In 2015, when I was a bébé magazine editor in New York, I did something I instantly regretted (and no, I didn't get bangs). I painted the primary bedroom of our apartment a deep, Ivy League hunter green. Ralph Lauren's Polo Bar had just opened on East 55th Street, and—thanks to the Instagram posts I'd seen ad nauseum of the space—I'd had visions of retiring each night with a dram of Ardbeg whisky and a book of something so highbrow it was practically illegible.
Turns out DIY sometimes means "Don't! It's yech." Even after multiple coats, the eco paint I purchased went on like Jell-O in uneven globs, resulting in a bedroom that felt like being on the inside of an undersea kelp forest. Thanks to the light reflecting off our new wall color, my pale Irish skin was no longer a dewy porcelain but sickly and pallid. I looked like I had cholera. Sexy!
We lived with it for way too long, and then, to distract myself on Election Day in 2016, I made my world pretty again—well, that one room at least—by painting it a gentle (and quite flattering, I might add) peach. I'd learned my Instagram lesson. Just because something looks fabulous on the small screen doesn't mean it's ready for prime time in your home—or that you should attempt to do it yourself.
It's a lesson I imagine hits home (pun intended) for many of us given how important Instagram is in the design community. Does it fuel creativity or stifle it with the same paint colors and furniture? For design lovers, is using Instagram for inspiration like taking a photo of your favorite celebrity with you to get a haircut—that is, inevitably disappointing? I shared my thoughts with six pros in different parts of the country to get their take.
"I truly believe that Instagram is both a powerful tool and an endless fountain of information," says Houston designer Paloma Contreras, whose new book coming out in October, The New Classic Home (Abrams), is a font of inspo. "The key, however, lies in our ability to discern information and maintain our own point of view and perspective through the barrage of imagery that we are presented with each day."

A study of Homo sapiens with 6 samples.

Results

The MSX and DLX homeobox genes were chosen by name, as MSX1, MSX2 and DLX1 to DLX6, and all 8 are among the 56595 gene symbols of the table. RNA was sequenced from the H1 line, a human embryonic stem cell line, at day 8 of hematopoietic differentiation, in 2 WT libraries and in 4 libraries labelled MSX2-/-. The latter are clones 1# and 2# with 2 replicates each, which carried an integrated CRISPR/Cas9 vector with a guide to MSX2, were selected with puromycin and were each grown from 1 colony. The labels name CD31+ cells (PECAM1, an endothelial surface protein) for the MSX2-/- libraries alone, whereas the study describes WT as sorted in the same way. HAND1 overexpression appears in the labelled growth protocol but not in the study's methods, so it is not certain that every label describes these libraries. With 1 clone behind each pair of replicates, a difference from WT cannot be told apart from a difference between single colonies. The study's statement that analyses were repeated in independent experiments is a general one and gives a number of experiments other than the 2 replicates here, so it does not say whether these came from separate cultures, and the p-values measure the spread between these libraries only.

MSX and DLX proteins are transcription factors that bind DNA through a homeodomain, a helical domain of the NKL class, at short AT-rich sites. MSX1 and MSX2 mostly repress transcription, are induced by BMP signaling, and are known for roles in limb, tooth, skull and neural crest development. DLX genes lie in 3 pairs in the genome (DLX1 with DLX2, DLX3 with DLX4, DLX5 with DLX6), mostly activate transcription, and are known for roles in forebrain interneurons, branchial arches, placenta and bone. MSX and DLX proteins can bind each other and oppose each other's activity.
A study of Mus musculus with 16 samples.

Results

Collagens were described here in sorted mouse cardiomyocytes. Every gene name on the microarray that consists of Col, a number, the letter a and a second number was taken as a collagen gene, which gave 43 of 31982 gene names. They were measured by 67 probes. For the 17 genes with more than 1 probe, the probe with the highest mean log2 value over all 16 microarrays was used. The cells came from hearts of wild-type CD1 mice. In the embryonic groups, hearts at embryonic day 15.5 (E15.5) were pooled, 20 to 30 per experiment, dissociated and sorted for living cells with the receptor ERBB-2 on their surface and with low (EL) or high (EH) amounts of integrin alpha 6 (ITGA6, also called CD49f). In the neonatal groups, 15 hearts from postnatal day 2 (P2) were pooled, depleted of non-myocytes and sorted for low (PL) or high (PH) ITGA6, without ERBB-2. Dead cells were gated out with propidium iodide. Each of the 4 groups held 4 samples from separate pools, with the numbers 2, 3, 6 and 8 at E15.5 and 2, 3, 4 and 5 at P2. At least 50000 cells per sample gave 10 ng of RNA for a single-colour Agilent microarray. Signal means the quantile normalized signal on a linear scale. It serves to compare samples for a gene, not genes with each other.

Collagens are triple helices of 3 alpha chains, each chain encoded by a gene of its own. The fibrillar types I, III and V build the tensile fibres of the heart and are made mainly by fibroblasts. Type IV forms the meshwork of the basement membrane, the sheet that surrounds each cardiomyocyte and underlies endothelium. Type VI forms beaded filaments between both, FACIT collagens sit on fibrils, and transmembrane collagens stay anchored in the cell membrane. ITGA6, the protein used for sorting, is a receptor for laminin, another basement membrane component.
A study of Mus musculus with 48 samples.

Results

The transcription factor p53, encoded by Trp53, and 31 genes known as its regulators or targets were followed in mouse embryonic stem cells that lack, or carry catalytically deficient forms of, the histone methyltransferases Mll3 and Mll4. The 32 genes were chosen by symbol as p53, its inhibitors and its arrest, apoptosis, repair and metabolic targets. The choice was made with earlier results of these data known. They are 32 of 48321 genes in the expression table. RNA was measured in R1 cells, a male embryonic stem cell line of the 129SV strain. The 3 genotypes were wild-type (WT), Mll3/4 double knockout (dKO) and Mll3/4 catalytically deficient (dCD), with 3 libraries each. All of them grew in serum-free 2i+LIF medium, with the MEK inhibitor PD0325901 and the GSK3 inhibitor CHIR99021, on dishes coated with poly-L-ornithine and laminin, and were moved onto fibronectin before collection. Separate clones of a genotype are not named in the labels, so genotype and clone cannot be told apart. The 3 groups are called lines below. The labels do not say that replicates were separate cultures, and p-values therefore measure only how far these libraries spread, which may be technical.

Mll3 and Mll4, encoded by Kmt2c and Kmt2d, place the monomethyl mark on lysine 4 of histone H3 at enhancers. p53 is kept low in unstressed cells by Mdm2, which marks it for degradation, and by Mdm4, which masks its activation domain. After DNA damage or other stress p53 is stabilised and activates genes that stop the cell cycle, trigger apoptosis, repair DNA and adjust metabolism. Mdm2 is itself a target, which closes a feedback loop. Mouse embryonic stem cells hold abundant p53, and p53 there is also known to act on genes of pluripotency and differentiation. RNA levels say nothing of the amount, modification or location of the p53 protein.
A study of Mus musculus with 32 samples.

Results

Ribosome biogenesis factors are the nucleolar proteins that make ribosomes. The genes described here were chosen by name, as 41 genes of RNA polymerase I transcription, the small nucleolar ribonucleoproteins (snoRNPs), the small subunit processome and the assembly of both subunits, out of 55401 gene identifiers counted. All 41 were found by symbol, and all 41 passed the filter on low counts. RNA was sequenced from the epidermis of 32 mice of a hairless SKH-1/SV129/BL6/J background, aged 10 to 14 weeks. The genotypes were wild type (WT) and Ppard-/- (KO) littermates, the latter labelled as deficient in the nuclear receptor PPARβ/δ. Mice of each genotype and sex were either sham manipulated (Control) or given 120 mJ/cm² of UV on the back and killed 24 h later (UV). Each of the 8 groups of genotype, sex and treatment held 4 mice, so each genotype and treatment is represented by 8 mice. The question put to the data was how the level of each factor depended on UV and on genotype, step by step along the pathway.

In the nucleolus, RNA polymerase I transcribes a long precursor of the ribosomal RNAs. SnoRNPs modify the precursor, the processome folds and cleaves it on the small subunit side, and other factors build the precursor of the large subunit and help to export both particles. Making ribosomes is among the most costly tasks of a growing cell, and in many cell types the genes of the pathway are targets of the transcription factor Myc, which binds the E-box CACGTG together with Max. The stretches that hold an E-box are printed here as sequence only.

In short: Did I even like a deep green space, or Chinoiserie ginger jars, or botanical prints—or had I simply been fed a steady diet of them so frequently that I'd developed a taste for them?
"It's just this almost turnstyle thing that you see over and over and over, and to me there are a lot of accounts—even by some people who are leaders of the design industry—that are turning out this mediocrity," says Charleston designer Jacob Laws. "It's frankly insulting to clients, I would think, because it's saying, 'Here's this boring design I've already done 27 times, and you're boring, so here you go.'"
Still, Laws and every other designer I reached out to for this piece said Instagram isn't ruining design—far from it. You just have to know how to use the app to your advantage.
"On Instagram, you can either produce original content or duplicate it," says Newark, New Jersey–based designer KD Reid. "For designers, Instagram has been a crucial tool for sharing, sparking, and reaching new audiences…. As a designer, I strive to produce novel, innovative, and fresh ideas that inspire."
Charlottesville, Virginia–based designer J.P. Horton finds it to be a treasure trove of information and inspiration. "If anything it has been a great tool for me to network with my peers, discover new vendors, and become exposed to others' design work, past and present, that I may not have had access to off of the platform."
You also have to remember that Instagram is heavily filtered—even if it's labeled #nofilter. Even so, "overall, I think Instagram is more inspirational than soul crushing," says Washington, D.C.–based designer Annie Elliott. "Feeds are dominated by intensely styled rooms, precise vignettes, and candid-but-not-candid lifestyle photos, for sure, but I think there's an understanding that Instagram isn't real life."
Case in point: I never once posted a photo of my green bedroom.